Boris Johnson demands US-North Korea dialogue amid growing fear of "nuclear Sword of Damocles"

Catherine Neilan

It is now "widely accepted" that the country is close to being able to launch a nuclear-armed ballistic missile at the continental United States, Johnson said. "The public can be forgiven for genuinely starting to wonder whether the nuclear sword of Damocles is once again held over the head of a trembling human race."

But while the US has “an absolute duty” to prepare for a possible military option in the event of an attack, the foreign secretary stressed that dialogue must be deployed first.

He backed his US counterpart Rex Tillerson for his efforts to engage with the regime - who has been at odds with president Donald Trump, who has said negotiations are "a waste of time". Trump's past rhetoric has included threats of "fire and fury like the world has never seen".

Despite Trump's many threats, Johnson insisted that "no one wants any kind of military solution to this problem. No one actively desires that."

He praised the Iran nuclear deal, another diplomatic effort condemned by Trump, as a way to avoid escalating tensions. He stressed that Iran was clearly meeting the requirements of the deal, although said Iran was "up to disruptive behaviour... sounds like a tech company but it's worse than that."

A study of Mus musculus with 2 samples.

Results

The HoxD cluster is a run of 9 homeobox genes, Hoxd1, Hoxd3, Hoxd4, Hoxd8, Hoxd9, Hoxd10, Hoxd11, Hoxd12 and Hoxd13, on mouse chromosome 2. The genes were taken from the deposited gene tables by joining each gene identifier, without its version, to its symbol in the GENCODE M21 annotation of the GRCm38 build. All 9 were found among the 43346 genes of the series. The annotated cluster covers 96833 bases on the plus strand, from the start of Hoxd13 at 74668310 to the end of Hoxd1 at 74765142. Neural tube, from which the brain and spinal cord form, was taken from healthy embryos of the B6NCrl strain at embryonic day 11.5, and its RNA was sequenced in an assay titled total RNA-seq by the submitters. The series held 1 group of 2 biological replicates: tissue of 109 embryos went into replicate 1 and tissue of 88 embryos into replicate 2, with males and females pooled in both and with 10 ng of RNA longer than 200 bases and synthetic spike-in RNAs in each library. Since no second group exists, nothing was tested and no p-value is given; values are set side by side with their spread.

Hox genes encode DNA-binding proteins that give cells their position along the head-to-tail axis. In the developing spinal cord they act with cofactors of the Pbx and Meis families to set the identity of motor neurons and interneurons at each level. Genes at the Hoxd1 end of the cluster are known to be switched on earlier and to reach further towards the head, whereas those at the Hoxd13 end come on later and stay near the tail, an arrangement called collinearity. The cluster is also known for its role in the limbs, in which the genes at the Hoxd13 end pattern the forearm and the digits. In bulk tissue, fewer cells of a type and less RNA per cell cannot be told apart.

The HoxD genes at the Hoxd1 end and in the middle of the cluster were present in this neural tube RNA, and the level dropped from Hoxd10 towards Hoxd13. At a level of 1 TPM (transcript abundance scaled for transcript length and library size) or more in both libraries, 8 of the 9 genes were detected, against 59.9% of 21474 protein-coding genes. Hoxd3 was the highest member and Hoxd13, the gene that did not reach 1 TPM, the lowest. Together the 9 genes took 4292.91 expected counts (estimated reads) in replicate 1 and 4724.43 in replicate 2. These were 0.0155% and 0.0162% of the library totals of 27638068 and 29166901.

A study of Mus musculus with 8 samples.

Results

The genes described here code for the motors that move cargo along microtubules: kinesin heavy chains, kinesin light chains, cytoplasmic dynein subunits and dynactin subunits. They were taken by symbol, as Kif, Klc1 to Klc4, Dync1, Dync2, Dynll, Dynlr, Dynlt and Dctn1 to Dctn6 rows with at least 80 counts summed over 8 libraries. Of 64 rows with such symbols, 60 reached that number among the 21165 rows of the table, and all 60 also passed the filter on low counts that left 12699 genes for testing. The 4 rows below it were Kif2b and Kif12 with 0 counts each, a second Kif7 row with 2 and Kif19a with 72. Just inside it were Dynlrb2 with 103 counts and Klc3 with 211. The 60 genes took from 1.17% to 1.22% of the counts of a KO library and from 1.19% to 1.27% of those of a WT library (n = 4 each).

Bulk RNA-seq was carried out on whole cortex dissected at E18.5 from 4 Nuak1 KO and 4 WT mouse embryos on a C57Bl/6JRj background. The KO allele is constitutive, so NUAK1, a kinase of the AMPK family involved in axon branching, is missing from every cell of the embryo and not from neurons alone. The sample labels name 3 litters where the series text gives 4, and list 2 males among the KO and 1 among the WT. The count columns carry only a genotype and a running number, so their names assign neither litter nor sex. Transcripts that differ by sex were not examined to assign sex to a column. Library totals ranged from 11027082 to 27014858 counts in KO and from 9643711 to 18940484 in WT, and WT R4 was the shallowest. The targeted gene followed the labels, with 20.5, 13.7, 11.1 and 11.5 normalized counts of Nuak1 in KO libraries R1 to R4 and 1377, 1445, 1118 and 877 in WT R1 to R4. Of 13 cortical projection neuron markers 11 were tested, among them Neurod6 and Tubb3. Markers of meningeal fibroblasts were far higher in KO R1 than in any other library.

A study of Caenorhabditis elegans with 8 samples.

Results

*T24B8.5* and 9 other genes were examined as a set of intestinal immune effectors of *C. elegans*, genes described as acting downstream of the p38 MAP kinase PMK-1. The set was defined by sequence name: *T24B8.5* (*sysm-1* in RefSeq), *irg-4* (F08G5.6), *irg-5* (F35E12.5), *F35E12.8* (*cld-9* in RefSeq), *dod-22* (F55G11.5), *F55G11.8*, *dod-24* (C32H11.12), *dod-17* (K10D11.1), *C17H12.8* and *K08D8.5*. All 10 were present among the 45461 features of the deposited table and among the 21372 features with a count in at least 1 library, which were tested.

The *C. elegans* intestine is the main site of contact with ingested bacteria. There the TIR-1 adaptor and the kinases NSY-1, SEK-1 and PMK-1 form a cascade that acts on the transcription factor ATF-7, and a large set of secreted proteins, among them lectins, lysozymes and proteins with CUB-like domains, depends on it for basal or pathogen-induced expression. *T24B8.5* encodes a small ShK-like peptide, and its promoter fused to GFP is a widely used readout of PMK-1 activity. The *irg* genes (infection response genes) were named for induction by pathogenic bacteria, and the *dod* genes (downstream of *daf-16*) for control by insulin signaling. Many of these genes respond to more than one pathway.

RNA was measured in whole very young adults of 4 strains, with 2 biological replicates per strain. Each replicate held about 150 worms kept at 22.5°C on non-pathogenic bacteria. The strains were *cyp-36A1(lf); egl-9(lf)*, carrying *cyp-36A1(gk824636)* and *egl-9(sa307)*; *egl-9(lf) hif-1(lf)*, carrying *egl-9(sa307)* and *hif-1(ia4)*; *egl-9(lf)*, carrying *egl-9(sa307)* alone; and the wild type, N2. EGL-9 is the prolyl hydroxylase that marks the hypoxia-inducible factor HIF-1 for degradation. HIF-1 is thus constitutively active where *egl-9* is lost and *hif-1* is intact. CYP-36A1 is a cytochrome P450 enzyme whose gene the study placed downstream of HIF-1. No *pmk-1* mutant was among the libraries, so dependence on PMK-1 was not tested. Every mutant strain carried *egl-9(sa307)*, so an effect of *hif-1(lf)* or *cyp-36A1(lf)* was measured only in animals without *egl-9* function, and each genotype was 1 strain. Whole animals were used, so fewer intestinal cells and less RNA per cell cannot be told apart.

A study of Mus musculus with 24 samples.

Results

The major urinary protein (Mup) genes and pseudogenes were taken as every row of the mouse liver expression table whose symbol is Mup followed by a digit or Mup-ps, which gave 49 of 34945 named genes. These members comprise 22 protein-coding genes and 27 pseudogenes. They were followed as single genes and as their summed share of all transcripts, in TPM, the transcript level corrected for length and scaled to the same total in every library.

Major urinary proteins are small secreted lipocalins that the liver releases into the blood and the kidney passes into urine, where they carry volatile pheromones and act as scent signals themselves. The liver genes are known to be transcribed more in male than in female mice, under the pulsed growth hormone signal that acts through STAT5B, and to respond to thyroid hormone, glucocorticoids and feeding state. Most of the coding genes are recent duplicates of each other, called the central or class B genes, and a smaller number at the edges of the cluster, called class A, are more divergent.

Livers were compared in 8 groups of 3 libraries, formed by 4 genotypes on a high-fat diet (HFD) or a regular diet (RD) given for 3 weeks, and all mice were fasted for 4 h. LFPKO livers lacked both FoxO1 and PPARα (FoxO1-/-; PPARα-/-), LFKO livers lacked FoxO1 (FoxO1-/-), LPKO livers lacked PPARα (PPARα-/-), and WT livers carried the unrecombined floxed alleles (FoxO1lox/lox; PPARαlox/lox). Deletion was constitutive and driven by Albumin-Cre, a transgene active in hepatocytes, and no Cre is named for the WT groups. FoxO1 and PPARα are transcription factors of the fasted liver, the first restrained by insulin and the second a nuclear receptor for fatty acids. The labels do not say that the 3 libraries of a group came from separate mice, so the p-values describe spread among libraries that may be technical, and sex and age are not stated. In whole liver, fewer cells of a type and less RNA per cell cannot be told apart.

Although Iran was "up to no good", the deal had helped reduce tensions, the foreign secretary said.

“That is the model – of toughness but engagement, each reinforcing the other – that we should have at the front of our mind as we try to resolve the tensions in the Korean peninsula,” Johnson said. “It is right that Rex Tillerson has specifically opened the door to dialogue. He has tried to give some sensible reassurances to the regime, to enable them to take up this offer.”

Kim Jong-un may be attempting to "intimidate" the US, but Johnson warned that his "current course might have the opposite effect".

Johnson said Kim must consider "whether his current activities are making Pyongyang any safer", adding: "Kim and the world need to understand that when the 45th president of the US contemplates a regime led by a man who not only threatens to reduce New York to ashes, but who stands on the verge of the power to make good on his threat, I'm afraid the US president, whoever he or she will be, will have an absolute duty not only to keep safe the American people but all those people who have sheltered under the US umbrella."